Clean air ducts can mean cleaner, healthier air in your home. Regardless of whether you get your air ducts professionally cleaned or you clean them yourself, a regular maintenance program can help minimize contamination of your air ducts and improve the indoor air quality in your home. Air duct preventative maintenance revolves around two factors, limiting the amount of foreign particles (dust, pollen, insects, insect droppings, rodent droppings, pet dander, etc.) that enters your ducts and your heating and cooling system and preventing moisture from entering the system.
Dryer vent cleaning is a separate matter but is equally important.
Steps to limit the amount of foreign particles in your system:
- Use the most efficient air filter you can afford as recommended by the manufacturer of your heating or cooling system.
- Change your air filter regularly. How often depends on where you live, whether you have pets, whether someone smokes in the home and how much your system runs.
- Be sure all filters are in place (many systems use more than one filter) and that they fit properly such that air cannot bypass the filters.
- Whenever you have your heating or cooling system serviced, ask the service technician to clean the cooling coils and drain pans.
- Do not operate your system and seal the return and supply vents during major home renovations that will generate a lot of dust.
- Dust and vacuum your home regularly. Ideally use a high efficiency (HEPA) vacuum with the highest efficiency filter you can afford.
Moisture in duct work is never a good thing. It can lead to mold, bacteria and fungi growth which can cause health problems. Moisture in air ducts is not all that uncommon and can be caused by heating and cooling system or by other factors such as leaks in pipes or in your roof.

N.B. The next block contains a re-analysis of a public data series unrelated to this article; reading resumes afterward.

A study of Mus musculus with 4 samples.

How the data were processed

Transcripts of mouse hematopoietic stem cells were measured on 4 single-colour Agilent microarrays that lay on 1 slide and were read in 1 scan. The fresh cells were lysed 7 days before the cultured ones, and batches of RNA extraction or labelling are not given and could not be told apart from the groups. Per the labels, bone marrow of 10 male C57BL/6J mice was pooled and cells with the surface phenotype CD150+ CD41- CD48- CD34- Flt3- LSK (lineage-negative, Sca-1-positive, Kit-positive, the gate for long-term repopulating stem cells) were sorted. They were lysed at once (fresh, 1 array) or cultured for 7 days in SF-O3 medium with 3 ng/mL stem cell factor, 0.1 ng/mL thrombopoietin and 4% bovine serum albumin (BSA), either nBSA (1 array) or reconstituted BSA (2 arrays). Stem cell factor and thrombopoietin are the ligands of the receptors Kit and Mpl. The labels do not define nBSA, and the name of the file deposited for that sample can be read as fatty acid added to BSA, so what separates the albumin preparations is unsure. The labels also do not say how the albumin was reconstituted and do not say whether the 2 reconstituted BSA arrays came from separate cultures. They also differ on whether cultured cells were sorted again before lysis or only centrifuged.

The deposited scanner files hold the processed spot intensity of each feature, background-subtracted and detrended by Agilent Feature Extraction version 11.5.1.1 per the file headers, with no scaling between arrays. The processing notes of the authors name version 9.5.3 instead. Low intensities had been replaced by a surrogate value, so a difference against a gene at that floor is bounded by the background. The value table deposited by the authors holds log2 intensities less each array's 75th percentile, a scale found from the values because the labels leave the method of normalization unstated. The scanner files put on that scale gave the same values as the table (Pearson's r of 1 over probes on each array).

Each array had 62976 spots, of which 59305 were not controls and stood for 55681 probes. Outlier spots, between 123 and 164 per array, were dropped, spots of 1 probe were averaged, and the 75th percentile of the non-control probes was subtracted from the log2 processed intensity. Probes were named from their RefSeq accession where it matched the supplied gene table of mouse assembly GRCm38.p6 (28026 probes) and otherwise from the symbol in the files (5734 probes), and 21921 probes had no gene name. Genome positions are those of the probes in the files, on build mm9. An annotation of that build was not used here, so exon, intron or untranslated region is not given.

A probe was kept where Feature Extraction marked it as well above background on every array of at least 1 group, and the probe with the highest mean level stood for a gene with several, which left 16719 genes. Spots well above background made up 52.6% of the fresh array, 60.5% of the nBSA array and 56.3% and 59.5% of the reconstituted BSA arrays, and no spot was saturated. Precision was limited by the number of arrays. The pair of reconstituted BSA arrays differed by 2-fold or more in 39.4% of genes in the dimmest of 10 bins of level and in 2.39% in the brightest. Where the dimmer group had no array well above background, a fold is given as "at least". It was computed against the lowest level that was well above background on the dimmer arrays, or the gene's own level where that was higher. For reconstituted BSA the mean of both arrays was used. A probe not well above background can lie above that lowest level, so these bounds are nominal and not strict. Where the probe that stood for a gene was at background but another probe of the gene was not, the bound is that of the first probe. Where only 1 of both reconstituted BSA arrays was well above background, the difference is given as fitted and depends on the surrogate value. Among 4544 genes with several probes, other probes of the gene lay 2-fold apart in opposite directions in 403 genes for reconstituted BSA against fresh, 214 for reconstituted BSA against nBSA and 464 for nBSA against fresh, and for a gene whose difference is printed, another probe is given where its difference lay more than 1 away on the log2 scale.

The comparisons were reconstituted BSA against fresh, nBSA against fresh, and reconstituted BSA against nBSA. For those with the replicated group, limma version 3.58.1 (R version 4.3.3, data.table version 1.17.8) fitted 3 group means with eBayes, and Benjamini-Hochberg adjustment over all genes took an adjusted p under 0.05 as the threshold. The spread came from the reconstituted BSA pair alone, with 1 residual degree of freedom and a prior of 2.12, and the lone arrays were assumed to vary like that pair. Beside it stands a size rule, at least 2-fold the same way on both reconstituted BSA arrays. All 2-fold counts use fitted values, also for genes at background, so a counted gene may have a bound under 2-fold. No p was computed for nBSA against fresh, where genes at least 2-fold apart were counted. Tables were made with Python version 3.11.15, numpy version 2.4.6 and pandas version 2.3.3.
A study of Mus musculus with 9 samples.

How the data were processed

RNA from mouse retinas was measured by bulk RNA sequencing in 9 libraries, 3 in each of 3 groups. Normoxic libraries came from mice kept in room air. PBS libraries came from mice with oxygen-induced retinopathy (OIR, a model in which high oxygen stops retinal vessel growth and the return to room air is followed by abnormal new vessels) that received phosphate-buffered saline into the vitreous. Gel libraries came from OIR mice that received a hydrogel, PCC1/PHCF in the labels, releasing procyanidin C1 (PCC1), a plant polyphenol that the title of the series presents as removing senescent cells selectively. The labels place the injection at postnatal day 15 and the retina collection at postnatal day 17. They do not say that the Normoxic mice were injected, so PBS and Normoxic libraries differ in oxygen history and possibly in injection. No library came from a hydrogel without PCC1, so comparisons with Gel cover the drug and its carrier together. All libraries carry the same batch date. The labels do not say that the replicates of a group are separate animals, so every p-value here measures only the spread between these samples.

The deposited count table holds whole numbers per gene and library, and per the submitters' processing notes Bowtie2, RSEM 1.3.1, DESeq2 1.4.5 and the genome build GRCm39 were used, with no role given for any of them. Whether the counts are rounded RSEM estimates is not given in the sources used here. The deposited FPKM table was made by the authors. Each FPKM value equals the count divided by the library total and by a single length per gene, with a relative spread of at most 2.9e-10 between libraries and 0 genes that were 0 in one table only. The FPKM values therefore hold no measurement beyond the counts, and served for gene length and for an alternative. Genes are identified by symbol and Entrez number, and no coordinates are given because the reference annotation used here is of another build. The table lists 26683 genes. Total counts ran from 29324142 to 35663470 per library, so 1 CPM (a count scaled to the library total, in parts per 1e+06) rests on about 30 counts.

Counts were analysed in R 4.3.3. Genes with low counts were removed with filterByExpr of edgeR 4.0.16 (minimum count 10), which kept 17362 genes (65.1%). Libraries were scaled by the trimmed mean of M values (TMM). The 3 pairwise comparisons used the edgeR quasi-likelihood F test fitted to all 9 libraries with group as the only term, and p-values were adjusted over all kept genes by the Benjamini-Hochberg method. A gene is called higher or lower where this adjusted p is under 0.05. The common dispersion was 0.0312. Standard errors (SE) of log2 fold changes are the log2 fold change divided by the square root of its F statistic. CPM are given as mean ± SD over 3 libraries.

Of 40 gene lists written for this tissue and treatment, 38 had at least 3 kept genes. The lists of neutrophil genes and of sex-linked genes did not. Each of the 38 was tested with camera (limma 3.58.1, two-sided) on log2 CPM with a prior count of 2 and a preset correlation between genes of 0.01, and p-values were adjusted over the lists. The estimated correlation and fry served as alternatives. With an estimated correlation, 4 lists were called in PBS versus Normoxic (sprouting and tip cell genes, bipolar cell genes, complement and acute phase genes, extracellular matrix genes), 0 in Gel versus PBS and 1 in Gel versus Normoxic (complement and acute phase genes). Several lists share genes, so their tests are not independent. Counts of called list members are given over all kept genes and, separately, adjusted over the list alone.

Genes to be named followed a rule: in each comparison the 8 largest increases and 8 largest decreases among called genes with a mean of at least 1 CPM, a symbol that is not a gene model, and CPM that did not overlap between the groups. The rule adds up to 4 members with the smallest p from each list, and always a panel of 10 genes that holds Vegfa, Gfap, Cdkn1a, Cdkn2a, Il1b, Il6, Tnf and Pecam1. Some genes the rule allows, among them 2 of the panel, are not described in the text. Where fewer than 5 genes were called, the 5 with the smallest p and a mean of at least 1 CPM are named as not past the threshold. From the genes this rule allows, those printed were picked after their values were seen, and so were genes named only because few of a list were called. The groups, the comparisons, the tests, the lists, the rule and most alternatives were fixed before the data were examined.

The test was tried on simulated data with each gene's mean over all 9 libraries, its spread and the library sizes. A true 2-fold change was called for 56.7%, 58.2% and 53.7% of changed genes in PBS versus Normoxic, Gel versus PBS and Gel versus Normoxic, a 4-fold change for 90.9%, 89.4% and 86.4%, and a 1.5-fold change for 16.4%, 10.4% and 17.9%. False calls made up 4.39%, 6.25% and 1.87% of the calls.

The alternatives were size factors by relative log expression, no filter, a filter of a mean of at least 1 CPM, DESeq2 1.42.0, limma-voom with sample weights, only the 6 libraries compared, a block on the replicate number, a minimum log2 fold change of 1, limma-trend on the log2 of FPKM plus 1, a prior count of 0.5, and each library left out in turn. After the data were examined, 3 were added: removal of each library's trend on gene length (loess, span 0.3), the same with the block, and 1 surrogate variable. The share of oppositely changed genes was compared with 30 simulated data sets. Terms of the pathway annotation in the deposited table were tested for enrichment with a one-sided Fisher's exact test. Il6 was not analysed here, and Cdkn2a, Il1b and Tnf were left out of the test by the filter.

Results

Research indicates that condensation on or near cooling coils of air conditioners is a major contributor of moisture in duct work. Condensation is normal and is caused when the temperature of air in the system is cooler than the dew point temperature of surrounding air. Newer systems, when functioning properly, are designed to remove this condensation without any contamination of the ducts. Improperly installed systems, improperly serviced systems and malfunctioning systems can increase the amount of damage caused by condensation.
Steps to prevent moisture in your air ducts:
- Repair any water leaks and water damage quickly and thoroughly.
- Condensation coils, when functioning properly, remove water from the air and drain pans remove the water from the system. Both components should be inspected regularly. Drain pans should drain completely so standing water can indicates the pan is not functioning properly. The drain pan should be free of debris that could affect its ability to drain properly.
- Ducts should be sealed and insulated whenever they are in areas that are not air conditioned such as attics, crawl spaces or garages. This will help reduce condensation by reducing the temperature difference between the air in the ducts and the air directly next to the duct.
- When replacing an air conditioner be sure the new unit is suited for your size home. An air conditioner that is too large will tend to cycle on an off more frequently which reduces its effectiveness at removing moisture from the air.
Waiting to have your air ducts cleaned until there is a problem such as mold being present often means family members have already been exposed to the health hazard. This is why routine maintenance of your air ducts is critical, either by a professional air duct cleaner or by preventative steps taken by the homeowner.